For Local News, Americans Embrace Digital, Still Want Strong Community Connection
Local TV stations retain a strong hold in the local news ecosystem
The digital era is making its mark on local news. Nearly as many Americans today say they prefer to get their local news online as say they prefer to do so through the television set, according to a new Pew Research Center survey of 34,897 U.S. adults conducted Oct. 15-Nov. 8, 2018, on the Center’s American Trends Panel and Ipsos’s KnowledgePanel. The 41 percent of Americans who say they prefer getting their local news via TV and the 37 percent who prefer it online far outpace those who prefer a printed newspaper or the radio (13 percent and 8 percent, respectively).
Even as the preference for digital delivery creeps up on that for news via TV, local television stations retain a strong hold in the local news ecosystem. They top the list of nine types of local news providers, with 38 percent of U.S. adults saying they often get news from a local television station. That is followed by 20 percent who often turn to local radio stations and 17 percent who rely on local daily newspapers.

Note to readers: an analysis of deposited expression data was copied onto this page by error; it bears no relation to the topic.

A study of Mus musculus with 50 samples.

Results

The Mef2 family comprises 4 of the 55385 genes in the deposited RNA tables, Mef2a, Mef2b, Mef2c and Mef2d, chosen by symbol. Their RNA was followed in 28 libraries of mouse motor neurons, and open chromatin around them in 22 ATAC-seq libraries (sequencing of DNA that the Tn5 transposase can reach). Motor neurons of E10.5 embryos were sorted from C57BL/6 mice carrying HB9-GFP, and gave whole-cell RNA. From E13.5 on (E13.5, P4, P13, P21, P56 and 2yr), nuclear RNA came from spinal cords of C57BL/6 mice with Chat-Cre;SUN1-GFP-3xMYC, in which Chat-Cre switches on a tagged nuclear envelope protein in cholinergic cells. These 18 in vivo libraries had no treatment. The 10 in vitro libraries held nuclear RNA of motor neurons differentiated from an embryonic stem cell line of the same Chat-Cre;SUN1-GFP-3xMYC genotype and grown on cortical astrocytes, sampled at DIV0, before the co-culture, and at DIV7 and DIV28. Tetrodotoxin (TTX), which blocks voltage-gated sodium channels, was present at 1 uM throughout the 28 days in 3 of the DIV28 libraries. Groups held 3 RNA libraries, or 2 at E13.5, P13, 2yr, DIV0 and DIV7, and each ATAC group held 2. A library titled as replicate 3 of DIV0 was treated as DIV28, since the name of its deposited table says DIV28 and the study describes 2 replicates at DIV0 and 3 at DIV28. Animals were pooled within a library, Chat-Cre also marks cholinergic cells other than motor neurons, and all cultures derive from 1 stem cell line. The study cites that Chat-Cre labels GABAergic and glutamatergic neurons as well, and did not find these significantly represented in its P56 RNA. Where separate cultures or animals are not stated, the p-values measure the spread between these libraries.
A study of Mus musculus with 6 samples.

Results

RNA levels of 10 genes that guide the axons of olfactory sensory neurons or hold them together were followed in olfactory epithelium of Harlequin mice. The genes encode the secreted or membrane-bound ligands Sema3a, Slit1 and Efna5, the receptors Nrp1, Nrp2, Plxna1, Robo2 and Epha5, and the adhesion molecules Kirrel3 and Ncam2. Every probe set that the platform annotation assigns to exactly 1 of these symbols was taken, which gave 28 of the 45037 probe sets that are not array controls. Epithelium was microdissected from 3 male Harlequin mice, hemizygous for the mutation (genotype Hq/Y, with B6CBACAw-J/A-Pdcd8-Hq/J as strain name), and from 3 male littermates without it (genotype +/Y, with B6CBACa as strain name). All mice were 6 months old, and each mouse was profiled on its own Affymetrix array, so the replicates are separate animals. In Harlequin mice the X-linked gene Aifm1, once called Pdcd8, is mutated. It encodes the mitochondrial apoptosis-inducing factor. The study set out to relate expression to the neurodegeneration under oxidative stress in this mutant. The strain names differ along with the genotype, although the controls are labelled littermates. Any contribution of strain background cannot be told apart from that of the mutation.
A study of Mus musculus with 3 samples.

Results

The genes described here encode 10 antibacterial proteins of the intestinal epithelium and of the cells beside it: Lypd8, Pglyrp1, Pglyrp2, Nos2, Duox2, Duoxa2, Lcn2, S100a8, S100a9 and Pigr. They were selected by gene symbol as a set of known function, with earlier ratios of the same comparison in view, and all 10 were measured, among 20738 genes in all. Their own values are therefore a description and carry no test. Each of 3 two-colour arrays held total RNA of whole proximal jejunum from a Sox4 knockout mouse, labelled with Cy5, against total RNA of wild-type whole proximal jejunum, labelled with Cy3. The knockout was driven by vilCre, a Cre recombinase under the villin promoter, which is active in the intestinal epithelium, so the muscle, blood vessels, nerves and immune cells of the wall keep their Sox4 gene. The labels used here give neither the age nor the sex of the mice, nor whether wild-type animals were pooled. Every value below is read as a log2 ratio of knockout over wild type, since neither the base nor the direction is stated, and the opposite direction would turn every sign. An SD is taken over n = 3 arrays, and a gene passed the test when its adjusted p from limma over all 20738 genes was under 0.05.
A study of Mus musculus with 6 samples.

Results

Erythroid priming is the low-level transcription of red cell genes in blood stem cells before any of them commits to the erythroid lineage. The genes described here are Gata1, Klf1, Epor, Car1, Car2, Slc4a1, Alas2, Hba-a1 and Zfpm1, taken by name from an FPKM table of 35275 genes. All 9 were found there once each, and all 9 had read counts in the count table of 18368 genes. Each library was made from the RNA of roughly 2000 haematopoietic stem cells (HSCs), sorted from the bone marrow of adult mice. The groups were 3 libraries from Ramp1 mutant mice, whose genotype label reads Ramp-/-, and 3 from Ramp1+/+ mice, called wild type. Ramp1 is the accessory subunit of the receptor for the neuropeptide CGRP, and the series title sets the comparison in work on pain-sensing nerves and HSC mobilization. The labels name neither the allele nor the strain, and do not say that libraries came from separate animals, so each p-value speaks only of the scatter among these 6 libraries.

Next come a range of less traditional sources such as online forums or discussion groups (12 percent), local organizations such as school groups or churches (8 percent), and community newsletters or listservs (8 percent). While individually these less traditional sources garner far smaller audiences than the big three (local TV, daily papers and radio stations), together they add up: 28 percent of the public often gets news from at least one of the six less traditional providers asked about.